14 Mar Alan Ram vs. Jerry Thibeau of Phone Ninjas Third World Call Monitoring Debate Continues
The debate between Alan Ram and Jerry Thibeau on Auto Dealer Live may have taken place several months ago but the issue of outsourcing call monitoring services to India as recommended by Jerry is still at large.
Jerry Thibeau subscribes to the use of agents in third world countries to monitor calls. He says if he can “take someone who is in…India and they speak fluent English and they understand the parameters of a phone call…[,]” the dealership could then use the information gained by the agent and be alerted to a “botched” opportunity.
This is a bad idea and if you think about it for a moment, you’ll understand why. Many customers set up appointments with salespeople and BDC agents simply because it’s the easiest way off the phone even though they have absolutely no intention of coming in. Contrary to popular belief, the goal of a sales call is not simply to set up an appointment. It’s to have the caller actually arrive at the dealership. With an appointment or without. How often does someone set up an appointment with a salesperson at a dealership and not show up? A manager who understands the nuances of the English language much more than someone who is in India or another third world country, will listen to the customers tone as well as voice inflection, and even though an appointment was set, would still know whether the customer actually intends on coming in. It’s easy to understand that you can much more accurately judge intent when you incorporate tone and voice inflection into the equation. That agent in India, or any other Third World country that Jerry Thibeau proposes, listen to your calls simply hears the word “appointment” and chalks it up as all good.
At a time where Americans need jobs, do we really want to be using companies that have agents based in India? It seems very unpatriotic at this point in history.
If you feel that someone in a Third World country, who’s second or third language is English, is as qualified to determine what opportunities were maximized as your managers, that’s a problem. Your managers need to be listening to all sales calls. There is no activity for your managers to be engaged in that is more productive or more relevant when it comes to selling cars today than listening to people who called your dealership and quickly resolving missed opportunities to do business. Think about it this way; no dealer would be okay with letting customers that arrive at the dealership get “blown out” left and right. Managers tend to be very aware of what is happening on their showroom floor. “Who’s with that person?” “Are we getting ready to write up that couple”? Customers that call up your dealership are every bit as important as someone on your showroom floor and just as worthy of a managers full attention. How easy is it for a manager to have call monitoring open on their desk throughout the day and listen to just the sales calls as they come in? How many sales calls do you really get on a daily basis? 10, 20 maybe 30? How many managers do you have on throughout the day? So at the end of the day, how many actual sales calls does a manager really have to listen to? They have the time. If not, they need to make time. It’s all about setting up priorities and this is a priority that directly relates to selling cars.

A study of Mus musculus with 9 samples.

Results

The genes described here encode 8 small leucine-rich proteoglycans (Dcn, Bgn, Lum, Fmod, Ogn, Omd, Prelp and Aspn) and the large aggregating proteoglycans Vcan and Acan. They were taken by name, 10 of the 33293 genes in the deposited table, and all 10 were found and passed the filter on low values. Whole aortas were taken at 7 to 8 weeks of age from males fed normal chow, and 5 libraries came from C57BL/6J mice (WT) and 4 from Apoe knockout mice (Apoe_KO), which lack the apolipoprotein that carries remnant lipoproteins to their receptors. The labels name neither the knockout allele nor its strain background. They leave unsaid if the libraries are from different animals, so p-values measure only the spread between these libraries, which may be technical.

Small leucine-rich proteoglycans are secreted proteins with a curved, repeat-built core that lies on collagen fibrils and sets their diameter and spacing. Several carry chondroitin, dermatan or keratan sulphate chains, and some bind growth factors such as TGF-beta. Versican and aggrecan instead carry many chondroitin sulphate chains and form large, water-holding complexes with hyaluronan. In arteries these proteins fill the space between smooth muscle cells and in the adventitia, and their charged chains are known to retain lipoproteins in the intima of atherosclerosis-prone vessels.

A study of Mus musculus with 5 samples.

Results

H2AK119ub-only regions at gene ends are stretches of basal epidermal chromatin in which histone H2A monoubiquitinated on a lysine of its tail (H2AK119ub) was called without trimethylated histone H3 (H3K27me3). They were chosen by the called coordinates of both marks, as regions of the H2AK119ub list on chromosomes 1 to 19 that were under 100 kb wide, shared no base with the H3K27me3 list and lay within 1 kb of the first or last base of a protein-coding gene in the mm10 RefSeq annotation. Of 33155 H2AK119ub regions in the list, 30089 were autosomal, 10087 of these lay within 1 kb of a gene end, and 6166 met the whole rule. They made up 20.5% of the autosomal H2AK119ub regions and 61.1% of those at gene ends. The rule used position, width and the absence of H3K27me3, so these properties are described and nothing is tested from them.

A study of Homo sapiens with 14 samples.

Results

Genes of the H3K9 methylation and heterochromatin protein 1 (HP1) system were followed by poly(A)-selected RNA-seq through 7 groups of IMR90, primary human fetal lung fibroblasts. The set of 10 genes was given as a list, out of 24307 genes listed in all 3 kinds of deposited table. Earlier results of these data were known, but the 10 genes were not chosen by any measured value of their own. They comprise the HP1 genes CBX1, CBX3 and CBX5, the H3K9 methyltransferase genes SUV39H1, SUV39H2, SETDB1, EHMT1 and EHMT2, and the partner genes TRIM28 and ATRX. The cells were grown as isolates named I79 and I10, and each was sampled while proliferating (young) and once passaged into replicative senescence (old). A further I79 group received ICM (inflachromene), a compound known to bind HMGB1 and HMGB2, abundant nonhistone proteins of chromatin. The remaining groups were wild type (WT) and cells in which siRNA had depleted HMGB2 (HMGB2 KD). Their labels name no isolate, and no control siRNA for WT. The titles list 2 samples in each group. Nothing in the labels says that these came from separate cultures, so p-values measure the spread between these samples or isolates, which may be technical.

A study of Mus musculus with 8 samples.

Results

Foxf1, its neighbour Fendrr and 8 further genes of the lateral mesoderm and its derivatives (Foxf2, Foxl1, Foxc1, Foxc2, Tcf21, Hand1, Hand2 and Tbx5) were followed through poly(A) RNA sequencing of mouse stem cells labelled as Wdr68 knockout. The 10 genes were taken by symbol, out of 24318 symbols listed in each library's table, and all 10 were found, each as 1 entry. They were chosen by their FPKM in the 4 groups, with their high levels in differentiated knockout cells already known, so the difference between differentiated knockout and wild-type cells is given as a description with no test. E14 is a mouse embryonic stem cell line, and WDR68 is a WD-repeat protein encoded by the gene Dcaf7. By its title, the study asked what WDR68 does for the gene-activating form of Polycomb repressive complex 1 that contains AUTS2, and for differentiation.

The activity of listening to sales calls needs to be carried out throughout the day. That customer that calls your dealership at 10 o’clock this morning may very well be out buying a car at 4 o’clock this afternoon. If we listen to the call this evening or the next morning, it’s going to be too late. Keeping call monitoring open on Sales Managers computers is a recommended best practice of top-performing dealerships. Another thing this accomplishes; when sales people know that they are being held accountable, the effort level naturally rises. They are being held accountable. It all goes hand-in-hand with training. If you don’t train them and then you just hold them accountable, all you’re going to hear is missed opportunities. Train your people and then hold your managers and sales staff accountable. When managers hear a call mishandled, they simply pick up the phone and help fix it. That’s part of being a manager as well, right?